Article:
The Typical in the Unusual: Non-Disparagement Clauses in the Cooley Law School Layoffs

Last week, I wrote about an unusual non-disparagement provision a hotel in upstate New York sought to impose on its guests, under which newlyweds could be fined $500 if any of their guests wrote negative reviews of the hotel on Yelp. Today we have an example of a more typical non-disparagement clause: Western Michigan University Thomas M. Cooley School of Law is reportedly conducting massive layoffs of faculty and conditioning severance packages on agreements not to disparage the school or divulge details about the firings. Some sources say the school may be letting go 50-70% of its faculty.

The inclusion of the non-disparagement and confidentiality provisions here may seem like overkill, but it’s not.

Everyone following legal academia knows these are tough times in the sector in general, arguably the worst in history. Many schools are offering buyouts or taking other significant steps to manage costs. In addition, it’s no surprise Cooley in particular is having trouble. Their enrollment has cratered in recent years. Finally, Cooley does not have a sterling reputation as it is (presumably this played a role in its recent decision to purchase the rights to use Western Michigan’s name). The for-profit chain of law schools, whose five campuses collectively form the largest law school in the nation, is often used in casual conversation as shorthand for the things people think need reforming in legal education and student lending. Its graduates have perhaps the most dismal employment outcomes in law.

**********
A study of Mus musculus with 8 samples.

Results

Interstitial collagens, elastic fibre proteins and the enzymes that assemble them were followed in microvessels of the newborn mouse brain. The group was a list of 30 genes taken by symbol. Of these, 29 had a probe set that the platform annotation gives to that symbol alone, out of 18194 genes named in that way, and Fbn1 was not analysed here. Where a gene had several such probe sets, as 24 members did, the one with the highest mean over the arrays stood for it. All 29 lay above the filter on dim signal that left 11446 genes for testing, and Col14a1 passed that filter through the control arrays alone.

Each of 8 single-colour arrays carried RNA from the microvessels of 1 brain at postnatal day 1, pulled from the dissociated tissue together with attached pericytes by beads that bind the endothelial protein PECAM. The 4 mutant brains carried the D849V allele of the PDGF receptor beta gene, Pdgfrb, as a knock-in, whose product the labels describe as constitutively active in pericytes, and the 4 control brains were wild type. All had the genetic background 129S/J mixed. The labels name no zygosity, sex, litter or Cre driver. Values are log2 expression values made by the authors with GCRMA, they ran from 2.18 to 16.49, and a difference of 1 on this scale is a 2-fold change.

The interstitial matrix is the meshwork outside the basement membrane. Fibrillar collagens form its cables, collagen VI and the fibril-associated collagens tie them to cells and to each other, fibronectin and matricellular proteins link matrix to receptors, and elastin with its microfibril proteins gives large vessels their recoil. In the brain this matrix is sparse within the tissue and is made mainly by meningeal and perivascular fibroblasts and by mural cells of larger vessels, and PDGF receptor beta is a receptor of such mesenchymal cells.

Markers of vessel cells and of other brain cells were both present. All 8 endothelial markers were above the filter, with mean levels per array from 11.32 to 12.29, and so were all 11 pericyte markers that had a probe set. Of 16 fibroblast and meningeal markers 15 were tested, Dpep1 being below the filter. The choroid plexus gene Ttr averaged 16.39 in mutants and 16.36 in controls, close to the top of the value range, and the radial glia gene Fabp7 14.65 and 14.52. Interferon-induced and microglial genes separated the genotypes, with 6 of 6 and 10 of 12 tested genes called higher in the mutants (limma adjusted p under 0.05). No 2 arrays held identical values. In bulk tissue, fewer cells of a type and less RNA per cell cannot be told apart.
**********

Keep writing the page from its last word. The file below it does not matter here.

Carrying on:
Despite these factors, Cooley, unsurprisingly, appears to want to manage the story about the scope and nature of any personnel changes. Said one outgoing faculty member who spoke on condition of anonymity:

“We have non-disparagement and confidentiality clauses upon which our severance packages hinge so I cannot say anything on the record and very little off the record other than to confirm that the cuts to faculty and staff are significant and I am among those in that category. . . Plus I am really, really pissed.”

Unfortunate though these circumstances are, this is the more usual situation where non-disparagement clauses are used: a settlement where part of what is being “settled” is the right to publicly air grievances against the other side. Apart from the Union Street Guest House’s policy of fining newlyweds for their guests’ Yelp reviews, I am not aware of an example of public accommodation being conditioned on non-disparagement, let alone conditioned on third parties not disparaging a contract party. The use of non-disparagement clauses in an employee buyout like the one Cooley appears to be undertaking is a standard employment practice and a far more typical use of such clauses.